Invited contribution to the “Annalen der Physik” topical issue “Quantum Simulation”, guest editors: R. Blatt, I. Bloch, J. I. Cirac, and P. Zoller.
Ultracold quantum gases and lattice systems: quantum simulation of lattice gauge theories†
Article first published online: 22 JUL 2013
© 2013 by WILEY-VCH Verlag GmbH & Co. KGaA, Weinheim
Annalen der Physik
Special Issue: Quantum Simulations
Volume 525, Issue 10-11, pages 777–796, November 2013
How to Cite
Wiese, U.-J. (2013), Ultracold quantum gases and lattice systems: quantum simulation of lattice gauge theories. Ann. Phys., 525: 777–796. doi: 10.1002/andp.201300104
- Issue published online: 4 NOV 2013
- Article first published online: 22 JUL 2013
- Manuscript Accepted: 20 JUN 2013
- Manuscript Revised: 11 JUN 2013
- Manuscript Received: 6 MAY 2013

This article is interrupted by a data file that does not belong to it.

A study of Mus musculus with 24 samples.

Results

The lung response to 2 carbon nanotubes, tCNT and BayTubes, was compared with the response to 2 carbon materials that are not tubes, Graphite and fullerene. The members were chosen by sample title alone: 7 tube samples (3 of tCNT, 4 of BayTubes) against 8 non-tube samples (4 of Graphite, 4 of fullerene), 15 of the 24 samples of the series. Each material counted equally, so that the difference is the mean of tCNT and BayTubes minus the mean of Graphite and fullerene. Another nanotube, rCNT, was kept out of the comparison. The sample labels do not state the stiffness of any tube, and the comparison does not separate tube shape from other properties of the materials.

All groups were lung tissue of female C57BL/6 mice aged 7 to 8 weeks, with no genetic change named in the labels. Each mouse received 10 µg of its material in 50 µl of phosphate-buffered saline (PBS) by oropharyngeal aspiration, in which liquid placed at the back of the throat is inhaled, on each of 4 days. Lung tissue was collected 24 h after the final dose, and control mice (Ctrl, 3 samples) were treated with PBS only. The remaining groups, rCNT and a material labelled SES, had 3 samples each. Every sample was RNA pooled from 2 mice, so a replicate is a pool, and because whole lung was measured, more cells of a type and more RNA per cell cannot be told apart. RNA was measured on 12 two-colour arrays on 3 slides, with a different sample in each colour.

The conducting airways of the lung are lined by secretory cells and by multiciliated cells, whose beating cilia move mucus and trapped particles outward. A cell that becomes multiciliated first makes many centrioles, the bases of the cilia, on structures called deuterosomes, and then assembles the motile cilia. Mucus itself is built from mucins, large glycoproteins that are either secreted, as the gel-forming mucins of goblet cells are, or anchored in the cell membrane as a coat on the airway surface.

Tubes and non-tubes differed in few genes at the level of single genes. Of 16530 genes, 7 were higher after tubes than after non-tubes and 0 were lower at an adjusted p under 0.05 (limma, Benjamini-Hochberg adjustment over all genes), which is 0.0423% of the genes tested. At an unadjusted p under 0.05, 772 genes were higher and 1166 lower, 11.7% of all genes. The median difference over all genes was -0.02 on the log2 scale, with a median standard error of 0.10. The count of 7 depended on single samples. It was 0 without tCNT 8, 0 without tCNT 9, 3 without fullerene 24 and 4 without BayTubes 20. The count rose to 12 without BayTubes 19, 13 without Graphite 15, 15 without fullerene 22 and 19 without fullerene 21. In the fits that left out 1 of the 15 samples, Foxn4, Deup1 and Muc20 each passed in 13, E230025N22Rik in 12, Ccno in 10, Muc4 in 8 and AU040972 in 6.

Abelian and non-Abelian gauge theories are of central importance in many areas of physics. In condensed matter physics, Abelian U(1) lattice gauge theories arise in the description of certain quantum spin liquids. In quantum information theory, Kitaev's toric code is a lattice gauge theory. In particle physics, Quantum Chromodynamics (QCD), the non-Abelian gauge theory of the strong interactions between quarks and gluons, is non-perturbatively regularized on a lattice. Quantum link models extend the concept of lattice gauge theories beyond the Wilson formulation, and are well suited for both digital and analog quantum simulation using ultracold atomic gases in optical lattices. Since quantum simulators do not suffer from the notorious sign problem, they open the door to studies of the real-time evolution of strongly coupled quantum systems, which are impossible with classical simulation methods. A plethora of interesting lattice gauge theories suggests itself for quantum simulation, which should allow us to address very challenging problems, ranging from confinement and deconfinement, or chiral symmetry breaking and its restoration at finite baryon density, to color superconductivity and the real-time evolution of heavy-ion collisions, first in simpler model gauge theories and ultimately in QCD.